Governor Bob McDonnell's policies benefit Blacksburg economy
Monday, October 29, 2012
The Collegiate Times
An Oct. 4 Collegiate Times article reported Blacksburg had been ranked No. 32 in the nation for the Best Small Place for Business and Careers in Forbes Magazine. With a national economy that continues to be stagnant, this is certainly welcome news for Tech students and Blacksburg residents alike.
Not to take away from Blacksburg's glory, but we are seeing growth like this in many communities across the commonwealth. Again, this is more welcome news for college students looking to find jobs after graduation.
So why are we seeing stories like this about communities here in Virginia? Well, part of that answer lies in how Gov. Bob McDonnell's administration has been governing our state.
The McDonnell administration has been very good to Virginia, with the economy being much stronger than other parts of the country.
Very shortly after McDonnell was sworn into office in January 2010, he appointed Lt. Gov. Bill Bolling as Virginia's chief jobs creation officer. Together, the two have worked tirelessly to bring high quality jobs to Virginia.
In fact, Virginia has added 151,000 net new jobs since the beginning of 2010. Unemployment in the state has decreased 17 percent and now sits at 5.9 percent, while that national unemployment rate is 7.8 percent.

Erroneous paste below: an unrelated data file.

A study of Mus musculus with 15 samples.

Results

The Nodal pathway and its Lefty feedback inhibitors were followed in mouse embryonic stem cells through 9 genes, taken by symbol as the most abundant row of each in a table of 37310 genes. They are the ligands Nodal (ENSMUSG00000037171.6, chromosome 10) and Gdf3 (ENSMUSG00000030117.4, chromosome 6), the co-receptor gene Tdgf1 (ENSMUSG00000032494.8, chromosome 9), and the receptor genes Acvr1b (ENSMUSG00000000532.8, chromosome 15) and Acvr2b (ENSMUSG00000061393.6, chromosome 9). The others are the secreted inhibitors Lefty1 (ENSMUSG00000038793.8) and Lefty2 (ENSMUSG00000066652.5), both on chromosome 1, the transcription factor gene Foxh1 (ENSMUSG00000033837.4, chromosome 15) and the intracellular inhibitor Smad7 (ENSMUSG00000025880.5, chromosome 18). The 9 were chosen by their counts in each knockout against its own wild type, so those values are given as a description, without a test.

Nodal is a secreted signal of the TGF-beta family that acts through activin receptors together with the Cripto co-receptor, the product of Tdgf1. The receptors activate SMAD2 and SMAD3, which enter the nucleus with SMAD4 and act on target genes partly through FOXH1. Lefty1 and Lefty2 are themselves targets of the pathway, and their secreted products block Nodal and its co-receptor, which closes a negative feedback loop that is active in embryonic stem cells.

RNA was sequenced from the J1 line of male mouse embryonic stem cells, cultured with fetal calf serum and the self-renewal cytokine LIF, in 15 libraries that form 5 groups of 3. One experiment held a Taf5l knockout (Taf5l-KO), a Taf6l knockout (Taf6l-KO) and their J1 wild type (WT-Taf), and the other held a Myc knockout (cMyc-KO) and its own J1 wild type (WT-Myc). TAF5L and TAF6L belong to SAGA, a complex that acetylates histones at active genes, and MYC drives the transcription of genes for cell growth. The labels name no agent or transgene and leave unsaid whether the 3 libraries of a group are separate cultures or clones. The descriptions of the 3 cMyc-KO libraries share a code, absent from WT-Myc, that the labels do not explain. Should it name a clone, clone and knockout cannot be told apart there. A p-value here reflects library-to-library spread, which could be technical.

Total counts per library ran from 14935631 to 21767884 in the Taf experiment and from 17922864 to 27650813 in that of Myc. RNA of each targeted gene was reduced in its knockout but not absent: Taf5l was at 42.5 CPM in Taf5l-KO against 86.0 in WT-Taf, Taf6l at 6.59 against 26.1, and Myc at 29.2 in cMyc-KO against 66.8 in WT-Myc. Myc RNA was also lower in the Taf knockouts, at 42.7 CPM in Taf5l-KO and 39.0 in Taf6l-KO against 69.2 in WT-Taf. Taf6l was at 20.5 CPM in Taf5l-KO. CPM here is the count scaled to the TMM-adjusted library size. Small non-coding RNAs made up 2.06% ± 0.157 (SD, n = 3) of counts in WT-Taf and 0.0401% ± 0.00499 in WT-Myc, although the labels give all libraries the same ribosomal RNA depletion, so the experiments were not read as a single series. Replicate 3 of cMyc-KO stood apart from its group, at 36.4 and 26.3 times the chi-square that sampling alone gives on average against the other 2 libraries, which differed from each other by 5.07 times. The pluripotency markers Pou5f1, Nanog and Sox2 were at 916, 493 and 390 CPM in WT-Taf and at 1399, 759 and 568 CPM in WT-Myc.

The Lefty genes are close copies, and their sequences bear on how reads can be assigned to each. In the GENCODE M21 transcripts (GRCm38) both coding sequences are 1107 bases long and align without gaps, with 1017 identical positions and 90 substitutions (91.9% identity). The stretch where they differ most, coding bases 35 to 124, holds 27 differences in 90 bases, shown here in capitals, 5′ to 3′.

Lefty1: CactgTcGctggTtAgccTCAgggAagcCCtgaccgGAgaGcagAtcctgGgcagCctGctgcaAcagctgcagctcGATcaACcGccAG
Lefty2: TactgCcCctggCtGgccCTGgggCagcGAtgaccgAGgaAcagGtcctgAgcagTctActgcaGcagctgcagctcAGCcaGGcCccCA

Also, at the beginning of 2010, Virginia faced a $6 billion budget shortfall left behind by Gov. Tim Kaine. McDonnell and Bolling were able to balance the budget without raising taxes, and the state has now enjoyed back-to-back budget surpluses totaling nearly $1 billion.
All these factors, along with economically conservative policies, such as low tax rates and Virginia's status as a "right-to-work" state - meaning workers in Virginia are not required to join a union if they work in a unionized environment - make it easy to see why Virginia has consistently been ranked the best state in the nation for business.
There are numerous factors that explain why Blacksburg is seeing business growth, such as a well-educated workforce and the Virginia Tech Corporate Research Center.
While I do think there are many local issues at play here, people must be aware that our statewide leadership has helped create a business-friendly environment for its towns and cities.
Do I want to minimize or belittle Blacksburg's success? Absolutely not, because I do not believe Richmond is the only reason Blacksburg is seeing economic growth.
On the other hand, I do want to point out the importance of fiscally responsible governance and urge Virginia Tech students and Virginia residents to consider that when electing the politicians they want in Washington.
For additional information contact Ibbie Hedrick at 804-225-2487 or firstname.lastname@example.org.